Wandering Into Wisdom

This blog chronicles the knowledge, insight and wisdom I encounter every day as a leadership consultant, executive coach, educator, father, friend and citizen. This site is dedicated to my father, Louis (Jack) Laughlin, who passed on to me an appreciation for wisdom. A special thanks to my friend Isaac Cheifetz, a businessman and journalist, who helped me understand the value of blogs and encouraged me to write one.

Of The People*

"People should not be afraid of their governments. Governments should be afraid of their people." 
From V for Vendetta

Maximum Effort*

The body has two modes of generating energy, aerobic (with oxygen) and anaerobic (without oxygen). Endurance athletes train to increase their body’s ability to deliver oxygen to their muscles. They also train to develop a sense of how far they can push themselves. If they exceed their body’s ability to deliver oxygen their metabolism turns anaerobic and the buildup of lactic acid significantly decreases their performance. The key is to exert the maximum amount of effort without exceeding the body’s capacity to deliver oxygen. This would seem to apply to many other aspects of life.


When we think of the wheel as one of the most important technological advances in history we tend to think of transportation. Wagons, bicycles, cars and trains all ride on the wheels. Other important applications of the wheel are gears and pulleys. Gears allow for the amplification and transmission of force which allowed wind mills and water wheels to do work. Pulleys allow for a small amount of force to be amplified to a much greater force. Many ancient building projects depended on this technology and large sailing vessels would be impossible to handle without pulleys to turn the rudder and control the sails.

Eat Right*

According the World Health Organization 1.2 billion adults are overweight and 800 million are undernourished. This means that one third of the world’s population is not eating a healthy amount of food.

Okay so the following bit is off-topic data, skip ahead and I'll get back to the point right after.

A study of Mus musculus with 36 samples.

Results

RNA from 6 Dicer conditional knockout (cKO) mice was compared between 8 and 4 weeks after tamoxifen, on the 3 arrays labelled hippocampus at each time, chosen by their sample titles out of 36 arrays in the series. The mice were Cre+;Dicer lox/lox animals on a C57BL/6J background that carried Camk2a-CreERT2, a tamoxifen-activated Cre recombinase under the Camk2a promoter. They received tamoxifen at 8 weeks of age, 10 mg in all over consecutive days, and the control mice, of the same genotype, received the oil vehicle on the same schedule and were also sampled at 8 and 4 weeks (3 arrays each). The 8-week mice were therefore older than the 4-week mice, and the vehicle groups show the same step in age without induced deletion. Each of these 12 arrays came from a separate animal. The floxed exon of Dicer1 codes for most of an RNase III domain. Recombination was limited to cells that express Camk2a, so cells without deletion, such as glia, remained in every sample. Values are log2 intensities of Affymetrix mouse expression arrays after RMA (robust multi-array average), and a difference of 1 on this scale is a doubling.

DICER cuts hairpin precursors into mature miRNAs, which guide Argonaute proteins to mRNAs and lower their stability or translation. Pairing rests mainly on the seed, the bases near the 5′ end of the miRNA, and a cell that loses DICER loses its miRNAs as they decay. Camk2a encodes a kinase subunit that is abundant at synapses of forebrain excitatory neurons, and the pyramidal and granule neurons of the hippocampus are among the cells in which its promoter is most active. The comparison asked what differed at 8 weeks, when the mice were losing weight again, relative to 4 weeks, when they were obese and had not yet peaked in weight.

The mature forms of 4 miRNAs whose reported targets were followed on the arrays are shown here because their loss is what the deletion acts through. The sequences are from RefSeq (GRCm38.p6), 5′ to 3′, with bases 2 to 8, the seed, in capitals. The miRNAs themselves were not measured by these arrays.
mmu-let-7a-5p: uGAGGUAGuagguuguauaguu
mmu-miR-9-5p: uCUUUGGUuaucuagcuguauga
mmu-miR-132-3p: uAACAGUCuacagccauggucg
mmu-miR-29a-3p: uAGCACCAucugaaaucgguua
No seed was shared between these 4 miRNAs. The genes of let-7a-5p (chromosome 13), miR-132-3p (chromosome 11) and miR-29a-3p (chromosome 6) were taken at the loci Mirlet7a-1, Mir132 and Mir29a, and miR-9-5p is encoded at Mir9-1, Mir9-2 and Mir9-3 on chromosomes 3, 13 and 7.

EQ is defined as the ability to identify, assess and manage the emotions of one's self, others and groups.

The Payoff*

Craigslist is a website for classified ads that has reached $100 million in annual revenue. As amazing as that may seem, national revenues for classified ads in newspapers have dropped by $10 billion in the last eight years. If we assume that Craigslist took 10% of those revenues, some speculate it’s significantly more, that would account for $1 billion of those losses. Since Craigslist’s annual revenues are only $100 million that’s a 90% decrease in cost. It’s one of the best examples of doing more with less on the Internet. It’s also a major headache for the newspaper industry.


Freemium is the term Fred Wilson gave to the business model used by many software and cloudware companies like MusicMatch and LinkedIn. "Give your service away for free, possibly ad supported but maybe not, acquire a lot of customers very efficiently through word of mouth, referral networks, organic search marketing, etc., then offer premium priced value added services or an enhanced version of your service to your customer base."

Good Ideas*

When I began my marketing career one of the first axioms I heard was, “Good ideas can come from anywhere.” Not long after struggling to find good ideas to drive our business I reworded that axiom to state, “Good ideas have to come from somewhere.” The first axiom insinuates that good ideas will appear without planning and effort. The second axiom recognizes that good ideas are the product of clearly defined insights and hard work.


Some experts suspected that Saddam Hussein resisted attempts to prove Iraq didn’t have weapons of mass destruction because he was afraid it would invite an attack by Iran. He admitted as much during his interrogation. How often, in our own daily lives, do we misinterpret the posturing and actions of others because we assume it is directed toward us?